IN THE PAPERS: Digital pirates and gongs for media

marketing-press-december-15Highlights from today’s media sections

The Australian

Digital theft: Media agencies have hit on a neat scheme for grabbing high value digital eyeballs on the cheap, reports Lara Sinclair. She reveals that agencies take out a small ad on a premium web site – where the cost of targeting 1000 high value users could be around $50 dollars. The ad tags the visitor with a cookie which labels them as a high value visitor. Then when they visit a run-of-the-mill sit, the cookie identifies them and they can be served ads at a fraction of the price.

And media agencies are making no secret of it. Says Leigh Terry of OMD:

“We do it. From an agency perspective it’s deploying clients’ monies in the most efficient and effective fashion. We’re tasked to deliver a result, not to deliver money to publishers.”

Media glory: Meanwhile The Australian today bestows its media awards, with ABC boss Mark Scott named as media person of the year. Modestly, the Australian awards its Publishing gong to… The Australian.

Other winners include the Apple Store in the Marketing category, Dan Fill of the ABC in Digital, David Gyngell of Nine in Broadcast and John Holmes of Seven for Creative Content.

On vacation: The Oz also previews this Thursday’s AGM of the Ten Network, and reveals that CEO Grant Blackley will be skipping it for a holiday.

Sorting The West: Chris Wharton, who was named new CEO of the West Australian last week, gives his first major interview to The Australian. He admits:

“There’s no question that the place has lost its way recently. This is not something that can be fixed in a week, but it can be fixed. And it will be fixed.”

Part timer: ACP’s “Part-time Pat” Ingram also features, little more than a week after she moved into semi-retirement. In the interview, she talks up her move into an entirely editorial role on ACP’s womens mags.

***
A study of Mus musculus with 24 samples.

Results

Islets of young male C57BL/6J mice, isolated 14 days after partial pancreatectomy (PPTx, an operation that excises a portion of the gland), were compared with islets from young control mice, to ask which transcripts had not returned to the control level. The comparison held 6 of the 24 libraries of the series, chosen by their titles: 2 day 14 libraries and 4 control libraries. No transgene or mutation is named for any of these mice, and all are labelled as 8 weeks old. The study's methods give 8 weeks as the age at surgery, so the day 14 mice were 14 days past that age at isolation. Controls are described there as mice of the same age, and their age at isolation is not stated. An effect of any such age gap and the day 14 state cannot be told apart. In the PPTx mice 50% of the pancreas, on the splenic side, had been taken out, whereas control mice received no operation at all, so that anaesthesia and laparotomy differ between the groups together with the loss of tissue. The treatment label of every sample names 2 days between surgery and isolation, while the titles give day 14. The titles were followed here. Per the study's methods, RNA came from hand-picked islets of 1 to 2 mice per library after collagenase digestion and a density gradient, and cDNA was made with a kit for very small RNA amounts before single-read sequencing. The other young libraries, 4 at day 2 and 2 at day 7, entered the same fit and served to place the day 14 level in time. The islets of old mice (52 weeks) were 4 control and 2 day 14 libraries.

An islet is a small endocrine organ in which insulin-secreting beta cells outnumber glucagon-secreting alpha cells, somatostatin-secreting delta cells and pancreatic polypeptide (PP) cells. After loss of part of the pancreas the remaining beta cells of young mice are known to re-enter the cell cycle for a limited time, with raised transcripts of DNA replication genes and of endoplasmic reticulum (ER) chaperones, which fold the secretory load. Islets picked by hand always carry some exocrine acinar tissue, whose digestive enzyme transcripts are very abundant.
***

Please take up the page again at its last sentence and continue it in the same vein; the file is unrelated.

Mayhem makers: And journalists should be making more trouble, says Seven Network’s Peter Meakin:

“I don’t think journalists in this country cause enough mayhem. In the words of Lord Northcliffe: ‘News is what somebody, somewhere wants suppressed. All the rest is advertising.’ I’m sorry to say that very few Australian reporters break stories and even fewer have an appetite for the sometimes unrewarding slog of investigative journalism.”

Old hat: And he’s not the only one putting the boot in. The Australian’s Michael Sainsbury has harsh words for new Fairfax boss Brian McCarthy:

“McCarthy likes to say he has ink in his veins. Wrong century. These days it is far more essential to have byte in your teeth.”

Hack attack: And Fairfax owner John B Fairfax hits back at previous coverage in the Oz with a note pointing out that accusing him of lacking a background in journalism was a tad harsh. He points to his time in the reporters room of the SMH, during the 60s; his adventures on the police rounds; his stints in the canberra Press Gallery and his two years in the Fairfax London bureau.

The Australian Financial Review

Debt deadline: Tonight’s the night for debt-addled PBL Media, reports the AFR. It says that the company , whish owns ACP Magazines, along with the Nine network’s east coast stations, will have to wait until midnight to find if its plans to repackage its $4.2bn debt will be accepted.

Seven heaven: Meanwhile, the Seven Network picked up an Olympics-driven advertising revenue share of about 40% for 2008, reports Neil Shoebridge, compared to Nine with 31% and Ten’s 29%. Among the upfront deals done so far for next year, agencies are predicting up to 35% for Nine, 38-39% for Seven and, worryingly, just 26-27% for Ten.

New look: ANZ bank is to get a new logo and change its brand positioning, the paper reports, with the work to be carried out by M&C Saatchi.

Sydney Morning Herald

Digital boost: The Government may give set top boxes to low income households to drive the takeup of digital TV. The hint comes from digital minsiter Stephen Conroy. Over the weekend he suggested that the ABC and SBS might be given extra money to help them with the digital transition.

Tourism tactics: Australia’s tourism drive wil be decided by far more than the success of an individual ad camapign, argues Julian Lee. The challenge is to development a wider strategy and invest in infrastructure, he argues.

The Age

Fabbo Fairfax?: There’s only one topic that counts at The Age at present – and that’s the travails of its owner Fairfax. The company currently features in eight of the top ten stories in its media and marketing section.